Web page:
By Lizwe Sebatha
PLUMTREE — Not a single day did Mthabisi Moyo ever imagine making a living from firewood trading, at least he says.
For years, Moyo made a living smuggling fuel and other basics from Botswana at the Plumtree border post for sale in the border town.
“All I needed was to know the gatekeepers at a given day at the border to allow for safe passage of the smuggled goods,” the 35-year-old father of two says.
However, Covid-19 struck, forcing the government to close borders to minimise spread of the disease in the country and that cut off Moyo’s lifeline.
Again, breaking the law, Moyo now sells firewood to eke out a living.
Moyo and his colleagues often wake up as early as 4 am to go into the forest and farms such as Matole and Solwezi village on the outskirts of Plumtree to cut firewood.
The traders brave arrest and many dangers such as wild animals.
A small bunch consisting of four small pieces of wood costs $40 and above.
Former fuel smugglers in Plumtree whose source of income has been disrupted by Covid-19 are resorting to fetching firewood for sale.
In the process, they disrupt the environment. There are fears that if this continues, mopane worms will become scarce.
They cut down several trees, including mopane, whose leaves are a primary source of livelihood for mopane worms/caterpillars.
Studies show that although mopane branches take longer to dry, they burn slowly and produce a high constant heat, making it preferable particularly during winter.
In Bulawayo, residents prefer indigenous energy tree species to exotic ones with mopane being the most popular.
The caterpillars that feed on mopane are not only considered a delicacy and an important source of nutrition but a source of income for many in rural Matabeleland and elsewhere in southern African countries such as Botswana and Namibia.
Under the Forest Act, illegal firewood poachers face a level three fine of $500.
Norman Mpofu, a former legislator for Bulilima East, lamented the firewood poaching, which he blamed on lax enforcement by the police to curtail deforestation.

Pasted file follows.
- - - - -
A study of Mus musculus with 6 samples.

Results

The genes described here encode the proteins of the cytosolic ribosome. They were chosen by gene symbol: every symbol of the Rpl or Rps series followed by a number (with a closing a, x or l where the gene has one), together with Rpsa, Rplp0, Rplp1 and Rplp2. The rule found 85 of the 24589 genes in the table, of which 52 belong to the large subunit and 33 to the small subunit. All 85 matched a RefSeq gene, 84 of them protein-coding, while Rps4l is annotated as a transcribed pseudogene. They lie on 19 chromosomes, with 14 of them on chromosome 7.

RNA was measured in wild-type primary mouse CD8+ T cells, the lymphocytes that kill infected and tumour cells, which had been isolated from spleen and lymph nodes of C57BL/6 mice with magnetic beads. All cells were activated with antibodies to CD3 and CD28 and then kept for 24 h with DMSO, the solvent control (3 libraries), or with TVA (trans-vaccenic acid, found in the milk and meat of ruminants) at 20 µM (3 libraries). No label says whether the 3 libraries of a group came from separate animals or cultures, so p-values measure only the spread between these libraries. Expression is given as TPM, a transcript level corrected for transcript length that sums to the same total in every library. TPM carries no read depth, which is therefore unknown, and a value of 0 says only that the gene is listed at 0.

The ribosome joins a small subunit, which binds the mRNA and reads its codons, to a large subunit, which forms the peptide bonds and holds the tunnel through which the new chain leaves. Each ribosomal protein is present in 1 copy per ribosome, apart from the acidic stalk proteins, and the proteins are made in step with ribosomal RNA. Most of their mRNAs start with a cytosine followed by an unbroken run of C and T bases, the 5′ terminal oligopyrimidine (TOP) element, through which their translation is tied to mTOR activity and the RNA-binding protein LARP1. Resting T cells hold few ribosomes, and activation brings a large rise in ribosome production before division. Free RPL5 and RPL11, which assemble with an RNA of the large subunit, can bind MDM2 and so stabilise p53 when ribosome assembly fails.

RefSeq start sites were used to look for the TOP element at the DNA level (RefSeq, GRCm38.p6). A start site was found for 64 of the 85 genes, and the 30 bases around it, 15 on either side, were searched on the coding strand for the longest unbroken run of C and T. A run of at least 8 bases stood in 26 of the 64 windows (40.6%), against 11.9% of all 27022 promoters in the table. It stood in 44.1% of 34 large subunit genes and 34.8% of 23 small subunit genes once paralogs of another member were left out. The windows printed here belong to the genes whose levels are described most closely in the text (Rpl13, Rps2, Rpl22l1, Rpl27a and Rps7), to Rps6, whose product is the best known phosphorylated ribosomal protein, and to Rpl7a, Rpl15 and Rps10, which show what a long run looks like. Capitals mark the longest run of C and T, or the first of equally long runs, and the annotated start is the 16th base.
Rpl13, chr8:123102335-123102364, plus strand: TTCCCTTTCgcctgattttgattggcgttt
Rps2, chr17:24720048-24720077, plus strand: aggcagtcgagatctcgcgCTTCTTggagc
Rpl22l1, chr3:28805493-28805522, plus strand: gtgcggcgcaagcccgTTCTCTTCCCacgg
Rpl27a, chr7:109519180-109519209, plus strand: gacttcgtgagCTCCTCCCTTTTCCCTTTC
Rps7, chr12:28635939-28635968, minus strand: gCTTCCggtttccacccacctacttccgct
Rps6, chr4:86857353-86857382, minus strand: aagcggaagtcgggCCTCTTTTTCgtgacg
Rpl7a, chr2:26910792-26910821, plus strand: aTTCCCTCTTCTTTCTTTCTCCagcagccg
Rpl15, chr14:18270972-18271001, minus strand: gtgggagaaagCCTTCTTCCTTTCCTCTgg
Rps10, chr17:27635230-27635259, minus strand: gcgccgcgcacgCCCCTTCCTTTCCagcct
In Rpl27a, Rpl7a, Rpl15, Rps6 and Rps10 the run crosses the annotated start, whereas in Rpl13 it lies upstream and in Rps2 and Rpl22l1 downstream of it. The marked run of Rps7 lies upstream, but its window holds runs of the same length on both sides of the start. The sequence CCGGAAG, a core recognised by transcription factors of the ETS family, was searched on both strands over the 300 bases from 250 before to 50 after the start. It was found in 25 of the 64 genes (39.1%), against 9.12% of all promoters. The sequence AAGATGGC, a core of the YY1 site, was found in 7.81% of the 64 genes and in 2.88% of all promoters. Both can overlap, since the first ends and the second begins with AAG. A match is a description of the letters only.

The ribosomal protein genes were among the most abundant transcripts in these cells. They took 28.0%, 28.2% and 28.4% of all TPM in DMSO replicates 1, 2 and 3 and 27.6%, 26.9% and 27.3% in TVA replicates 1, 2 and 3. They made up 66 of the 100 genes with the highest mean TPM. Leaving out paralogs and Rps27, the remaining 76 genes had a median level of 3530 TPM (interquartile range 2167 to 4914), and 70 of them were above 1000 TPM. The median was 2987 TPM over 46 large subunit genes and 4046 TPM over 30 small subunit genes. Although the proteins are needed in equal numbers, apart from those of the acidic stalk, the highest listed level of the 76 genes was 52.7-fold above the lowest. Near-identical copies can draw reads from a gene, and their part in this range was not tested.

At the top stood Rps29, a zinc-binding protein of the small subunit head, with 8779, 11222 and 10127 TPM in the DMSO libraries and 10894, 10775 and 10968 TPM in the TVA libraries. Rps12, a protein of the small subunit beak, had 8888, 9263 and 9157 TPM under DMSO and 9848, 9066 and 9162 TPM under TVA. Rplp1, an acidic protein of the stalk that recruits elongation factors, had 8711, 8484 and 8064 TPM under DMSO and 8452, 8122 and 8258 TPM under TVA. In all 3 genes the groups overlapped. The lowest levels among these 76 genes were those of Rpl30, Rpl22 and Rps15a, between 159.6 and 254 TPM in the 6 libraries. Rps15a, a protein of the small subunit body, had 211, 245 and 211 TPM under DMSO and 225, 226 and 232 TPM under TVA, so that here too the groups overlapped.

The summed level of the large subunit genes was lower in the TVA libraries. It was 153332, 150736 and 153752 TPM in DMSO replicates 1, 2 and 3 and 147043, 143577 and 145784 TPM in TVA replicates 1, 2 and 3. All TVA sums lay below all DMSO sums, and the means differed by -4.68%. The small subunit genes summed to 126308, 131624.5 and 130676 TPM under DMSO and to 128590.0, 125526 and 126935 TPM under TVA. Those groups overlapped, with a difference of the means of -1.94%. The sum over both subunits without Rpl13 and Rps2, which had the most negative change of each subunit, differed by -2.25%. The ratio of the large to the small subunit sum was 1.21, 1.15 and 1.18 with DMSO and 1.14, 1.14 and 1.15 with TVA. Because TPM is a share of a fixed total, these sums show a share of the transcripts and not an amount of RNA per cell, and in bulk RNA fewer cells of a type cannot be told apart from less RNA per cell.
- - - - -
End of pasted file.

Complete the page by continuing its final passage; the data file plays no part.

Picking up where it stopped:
“Police authorities in Bulilima and Mangwe need to act and protect the environment,” Mpofu said.
He worries that this will result in villagers in the district not harvesting mopane worms owing to deforestation.
“Big mopane trees have been cleared within a short space of time as these poachers use chainsaws,” Mpofu said.
Fortunes Matutu, a forester recently writing for the Zimbabwe Youth Biodiversity Network said 2020 has seen many mopane worms dying due to lack of leaves. He said this could be attributed to deforestation and climate change.
For people like Moyo, unauthorised firewood trading is about their livelihoods and not the environment.
The high cost of electricity has ensured there is a ready market not only in the border town but in places as far as Bulawayo as many people have turned to firewood for energy.
Matabeleland South police spokesperson Inspector Philisani Ndebele did not have ready statistics of firewood poachers arrested by the police since the start of the Covid-19 lockdown period in the country.
“However, it is our duty as the police to enforce the law and arrest the offenders,” Ndebele said.
Mpofu, however, insisted that police have been a big let-down in the fight against firewood poaching by former fuel smugglers and others in the district.
Locals are also ignorant of the damage they are causing.
“Unfortunately, locals and farmers don’t seem to realise the negative impact of such activities. Desertification will soon hit these areas if nothing is done,” Mpofu argued.
In May, national tree ambassador Never Bonde petitioned the government to take a tough stand against illegal firewood poaching.
Bonde has planted thousands of trees in public institutions countrywide.
To sell firewood, one needs to be registered with the Forestry Commission but most firewood traders do not follow this procedure.
The Bulawayo Vendors and Traders Association (BVTA) says millions of Zimbabweans have been plunged into abject poverty and debilitating hunger due to the current lockdown restrictions.
“The Covid-19 restrictions have completely destroyed the livelihoods of the majority of informal traders and vendors.
“Given the fact that informal trading is their sole source of income, it means no money for food, rentals and other important things,” said Michael Ndiweni, the associations’ coordinator.
“At the end of the day, one has to make a living,” Moyo says.
The Community Youth Development Trust (CYDT) agreed that this was an issue of livelihoods disrupted by the pandemic.
“Cross border trading provided a source of living for many youths in the region and beyond, but with the closure of ports of entry a number of people have turned to other means, legal or illegal to make ends meet,” said Bongiwe Ncube the information officer at CYDT.
In a statement, the Zimbabwe Chamber of Informal Economy Associations recently called on the government to stop criminalisation and stigmatisation of informal workers and traders, they instead requested an increase in efforts to accelerate empowerment initiatives for SMEs.
l This article was originally published by The Citizen Bulletin, a hyper local news outlet covering Covid-19 in Matabeleland.